Bureau of Economic Geology

Geomorphic controls on shrub canopy volume and spacing of creosote bush in northern Mojave Desert, USA

James (Jake) Gearon, Michael H. Young

Geomorphic controls on shrub canopy volume and spacing of creosote bush in northern Mojave Desert, USA
Study Summary

The dynamics of plant-water-soil interactions are complex and rarely studied on the basin scale. We use a novel dataset, collected from an earlier project, of the locations and canopy volumes of nearly 23 million creosote bushes (Larrea tridentata), which are located in a relatively unperturbed desert basin in Eldorado Valley, near Boulder City, Nevada. This dataset was generated via remote sensing (hyperspectral imagery and LiDAR) and then checked using ground-truthed measurements. Here, we aim to determine the primary abiotic (e.g., geologic) factor(s) that control creosote bush growth by relating canopy volume and spatial distribution to both aspect (surface direction) and underlying geomorphology. Statistical analyses show that aspect and geomorphic surface age influence creosote bush canopy volume and spacing between shrubs for all five geomorphic surfaces studied. The highest median canopy volumes (0.758 m3) were found on east-facing surfaces and were almost 5 times larger than the lowest median volumes found on WNW-facing surfaces (0.152 m3). Variability in shrub volume was also higher on east-facing than west-facing surfaces. Spacings between shrubs located on alluvial flat and fan skirt surfaces (2.418 and 2.333 m, respectively) were larger than those on alluvial fan, fan piedmont, and fan remnant surfaces (1.776, 1.837, and 1.892 m, respectively). We found that 1) shrubs grow (5 times) larger on east-facing surfaces where they efficiently photosynthesize in the pre-noon hours; 2) shrubs grow larger on younger geomorphic surfaces because the soil horizon development is weaker than the water-limiting, clay-rich horizons in older geomorphic units; 3) shrub spacing is largest on younger surfaces but smallest on “intermediate” surfaces (e.g., alluvial fans), possibly because of transition between competitive regimes; and 4) creosote bushes are biotically competitive on younger surfaces, especially east-facing surfaces. As soil development progresses, shrubs become less competitive with each other because the clay-rich soil horizon development restricts water percolation to the roots. On the oldest surfaces, plants are small and far apart, indicating little to no competition.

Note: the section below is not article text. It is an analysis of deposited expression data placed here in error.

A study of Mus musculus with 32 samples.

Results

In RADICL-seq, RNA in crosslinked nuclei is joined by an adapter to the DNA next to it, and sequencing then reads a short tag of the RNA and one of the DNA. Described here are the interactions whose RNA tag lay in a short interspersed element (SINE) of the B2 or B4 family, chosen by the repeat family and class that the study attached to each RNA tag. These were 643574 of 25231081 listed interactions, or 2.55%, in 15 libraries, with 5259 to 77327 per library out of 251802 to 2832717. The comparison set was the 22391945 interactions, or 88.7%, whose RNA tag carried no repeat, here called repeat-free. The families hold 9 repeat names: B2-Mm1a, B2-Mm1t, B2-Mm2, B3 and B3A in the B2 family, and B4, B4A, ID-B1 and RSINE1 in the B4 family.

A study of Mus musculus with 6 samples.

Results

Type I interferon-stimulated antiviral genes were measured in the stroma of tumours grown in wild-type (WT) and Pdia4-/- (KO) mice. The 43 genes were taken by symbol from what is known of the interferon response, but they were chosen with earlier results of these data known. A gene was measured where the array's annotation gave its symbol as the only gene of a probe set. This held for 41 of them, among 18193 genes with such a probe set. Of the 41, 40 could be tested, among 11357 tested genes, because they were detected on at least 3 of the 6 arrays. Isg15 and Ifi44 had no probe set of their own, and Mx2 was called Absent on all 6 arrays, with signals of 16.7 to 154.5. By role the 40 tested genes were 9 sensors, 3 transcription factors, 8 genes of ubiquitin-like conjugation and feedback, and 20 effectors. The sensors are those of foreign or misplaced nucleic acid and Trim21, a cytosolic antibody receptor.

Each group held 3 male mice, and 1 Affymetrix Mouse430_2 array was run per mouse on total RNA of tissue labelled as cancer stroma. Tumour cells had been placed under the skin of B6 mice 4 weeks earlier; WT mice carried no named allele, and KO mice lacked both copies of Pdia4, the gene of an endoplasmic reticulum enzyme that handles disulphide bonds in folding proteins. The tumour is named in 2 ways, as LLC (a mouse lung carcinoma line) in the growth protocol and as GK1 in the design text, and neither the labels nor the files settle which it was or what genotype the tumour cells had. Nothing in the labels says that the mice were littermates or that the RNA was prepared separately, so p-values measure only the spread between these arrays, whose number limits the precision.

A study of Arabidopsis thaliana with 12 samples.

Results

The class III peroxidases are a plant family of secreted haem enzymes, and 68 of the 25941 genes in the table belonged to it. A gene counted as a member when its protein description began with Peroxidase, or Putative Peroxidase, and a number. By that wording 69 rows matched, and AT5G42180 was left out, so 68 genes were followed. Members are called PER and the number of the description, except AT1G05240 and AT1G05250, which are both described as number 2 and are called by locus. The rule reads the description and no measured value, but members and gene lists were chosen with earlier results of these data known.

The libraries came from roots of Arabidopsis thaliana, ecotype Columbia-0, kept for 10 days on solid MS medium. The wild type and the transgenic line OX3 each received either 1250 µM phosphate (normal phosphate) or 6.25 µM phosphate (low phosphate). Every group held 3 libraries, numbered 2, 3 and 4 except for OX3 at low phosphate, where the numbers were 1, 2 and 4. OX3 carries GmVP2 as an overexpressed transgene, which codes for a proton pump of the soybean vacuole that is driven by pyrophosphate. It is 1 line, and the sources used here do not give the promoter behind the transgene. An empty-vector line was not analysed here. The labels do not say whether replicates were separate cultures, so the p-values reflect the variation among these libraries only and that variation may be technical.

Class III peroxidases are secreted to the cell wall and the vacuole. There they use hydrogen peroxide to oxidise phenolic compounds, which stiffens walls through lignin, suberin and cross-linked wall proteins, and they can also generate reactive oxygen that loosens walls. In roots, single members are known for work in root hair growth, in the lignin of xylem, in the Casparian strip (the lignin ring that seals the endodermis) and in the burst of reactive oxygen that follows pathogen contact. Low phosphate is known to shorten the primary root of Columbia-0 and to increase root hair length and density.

Why is this research important and why do the results matter?
  • Ground-based investigations of basin-scale problems are expensive and time-consuming. Remote sensing allows us to conduct investigations into soil-plant-water interactions in a way that was previously untenable.
  • We demonstrate for the first time the E–W dependence on shrub canopy volumes, which is supported by small-scale studies of creosote bush adaptive traits.
  • We provide evidence for a complex interplay between soil development, plant competition, and aspect.